Scholastic Art Winners paint bright futures


Mikayla Wagner

Drawing of a frog done by Mikayla Wagner.

Estella Cui, Staff Writer

Every year, the Scholastic Art Awards holds a competition for students in grades seven through twelve. On January 28, Scholastic released the winners of the regional competition. Many students from WA, including sophomore Alison Chen, senior Patrick Zheng, senior Margaret Lepeshkin, and sophomore Mikayla Wagner, received the highest award, the Golden Key.

The competition accepts entries first by region and then within the whole country. All award winners get their names published in the Boston Globe. In addition, winners of the Golden Key get their artwork put on display in Boston. “I was not at all expecting this [to win],” Wagner said. “I think you can start [working] from anywhere and if you’re passionate about something you can really just take off.”

Along with passion and wanting to do the best one can do, WA winners of the Golden Key also stressed the importance of choosing the right piece. Sophomore Alison Chen wanted to convey a message to the judges and anyone else admiring her piece.

“I chose the ones [pieces] that I feel showed my best technique, as well as the ones that I felt sent the right message and just express what I wanted to express,” Chen said.

In addition to drawing and painting, the Scholastic Art Awards also accepts mediums like sculpting. Senior Patrick Zheng was the winner of the Best of Sculpting award.

“Since I was a child, I have always liked modeling things,” Zheng said. “[…] I started this project for fun. I put more time into it because it was something that I enjoy doing and I wanted to do it better.”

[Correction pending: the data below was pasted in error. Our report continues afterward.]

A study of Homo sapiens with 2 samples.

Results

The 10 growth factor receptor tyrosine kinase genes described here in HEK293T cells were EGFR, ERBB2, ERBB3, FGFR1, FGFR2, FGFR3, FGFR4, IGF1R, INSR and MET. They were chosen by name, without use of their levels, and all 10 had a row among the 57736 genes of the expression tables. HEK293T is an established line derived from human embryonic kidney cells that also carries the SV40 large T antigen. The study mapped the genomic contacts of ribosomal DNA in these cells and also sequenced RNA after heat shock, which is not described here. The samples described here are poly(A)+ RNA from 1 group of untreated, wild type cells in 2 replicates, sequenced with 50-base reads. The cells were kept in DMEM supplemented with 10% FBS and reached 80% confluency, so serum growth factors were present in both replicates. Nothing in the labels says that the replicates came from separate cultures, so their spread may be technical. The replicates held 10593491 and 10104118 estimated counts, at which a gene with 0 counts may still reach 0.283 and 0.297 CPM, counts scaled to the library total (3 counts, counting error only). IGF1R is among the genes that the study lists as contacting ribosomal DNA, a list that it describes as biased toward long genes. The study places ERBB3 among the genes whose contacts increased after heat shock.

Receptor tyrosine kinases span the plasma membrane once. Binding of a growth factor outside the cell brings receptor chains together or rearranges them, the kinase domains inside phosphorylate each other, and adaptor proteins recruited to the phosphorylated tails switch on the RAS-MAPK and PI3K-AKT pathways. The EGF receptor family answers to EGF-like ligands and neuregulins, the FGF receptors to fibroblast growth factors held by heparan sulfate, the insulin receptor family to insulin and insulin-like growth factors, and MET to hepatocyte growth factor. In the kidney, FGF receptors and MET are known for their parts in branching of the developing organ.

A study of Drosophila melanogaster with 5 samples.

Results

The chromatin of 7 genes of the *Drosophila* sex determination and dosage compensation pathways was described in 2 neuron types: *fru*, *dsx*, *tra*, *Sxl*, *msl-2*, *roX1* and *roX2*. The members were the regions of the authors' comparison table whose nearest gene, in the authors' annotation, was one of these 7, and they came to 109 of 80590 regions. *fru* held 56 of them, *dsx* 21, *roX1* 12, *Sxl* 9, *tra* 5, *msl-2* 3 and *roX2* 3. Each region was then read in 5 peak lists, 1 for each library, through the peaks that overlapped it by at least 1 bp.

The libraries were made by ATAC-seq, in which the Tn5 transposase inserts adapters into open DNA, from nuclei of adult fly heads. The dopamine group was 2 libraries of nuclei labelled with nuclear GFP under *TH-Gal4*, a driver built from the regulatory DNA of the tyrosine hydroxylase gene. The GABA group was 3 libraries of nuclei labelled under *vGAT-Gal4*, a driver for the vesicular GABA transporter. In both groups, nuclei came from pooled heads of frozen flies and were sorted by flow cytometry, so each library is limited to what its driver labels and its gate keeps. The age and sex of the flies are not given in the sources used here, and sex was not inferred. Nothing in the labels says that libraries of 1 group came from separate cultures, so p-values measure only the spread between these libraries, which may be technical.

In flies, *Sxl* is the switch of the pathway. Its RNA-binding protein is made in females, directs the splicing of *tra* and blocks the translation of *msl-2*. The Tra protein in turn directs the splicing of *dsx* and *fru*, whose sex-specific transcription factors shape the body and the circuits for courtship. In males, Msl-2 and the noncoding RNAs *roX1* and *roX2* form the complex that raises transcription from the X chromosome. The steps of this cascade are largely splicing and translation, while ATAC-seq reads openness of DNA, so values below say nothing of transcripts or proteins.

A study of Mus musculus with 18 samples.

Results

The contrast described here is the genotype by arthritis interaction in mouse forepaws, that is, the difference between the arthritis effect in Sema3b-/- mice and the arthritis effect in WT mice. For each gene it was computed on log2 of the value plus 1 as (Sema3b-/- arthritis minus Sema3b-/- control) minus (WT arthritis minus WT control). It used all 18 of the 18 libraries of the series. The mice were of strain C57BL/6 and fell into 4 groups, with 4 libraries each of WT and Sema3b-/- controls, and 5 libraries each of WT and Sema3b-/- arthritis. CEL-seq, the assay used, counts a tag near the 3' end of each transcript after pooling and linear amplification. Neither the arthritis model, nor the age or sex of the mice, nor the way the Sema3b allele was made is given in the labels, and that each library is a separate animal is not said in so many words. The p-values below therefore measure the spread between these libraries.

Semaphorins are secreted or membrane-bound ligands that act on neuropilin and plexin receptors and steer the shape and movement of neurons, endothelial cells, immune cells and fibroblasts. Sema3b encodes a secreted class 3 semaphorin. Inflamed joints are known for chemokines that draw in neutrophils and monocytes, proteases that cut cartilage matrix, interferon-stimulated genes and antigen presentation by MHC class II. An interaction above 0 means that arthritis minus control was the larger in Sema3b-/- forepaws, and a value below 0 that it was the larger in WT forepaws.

Each year, art teacher Kelly Fitzsimmons creates a project for students to work on that they can possibly submit to the competition.

“I never make anyone enter, but they are encouraged to consider this competition,” Fitzsimmons said. “[…] Mostly I just try to spread the word as much as possible and then give them [students] the link for information.”

Fitzsimmons opens the floor for students to explore mediums and styles on their own.

“I tell them [students] that it’s just a group of judges [whose opinion depends on their own personal experience],” Fitzsimmons said. “Technical skills [are] something that can be judged, but personal voice and expression become very subjective.”

Under Fitzsimmons’s guidance, each artist was able to grow into their own person. Zheng fell in love with sculpting, Chen got the best results with acrylic paint, and senior Margaret Lepshkin enjoyed the wonders of using oil paints.

With every competition comes the possibility of failure and denial. When faced with challenges and a lack of motivation, Chen has some advice.

“I feel like I get too caught up in bigger projects, and it can make me go through a period of time where I don’t really want to do anything,” Chen said. “So, I think it’s important to do smaller things more frequently. Do smaller sketchbook projects or things that do not take that much time. That’s the best way for me to stay motivated and get back into it.”

Likewise, Wagner has a piece of advice for aspiring artists and people who are struggling to find their passion.

“Absolutely go for your dreams,” Wagner said. “Do whatever you want to do because it’s never too late.”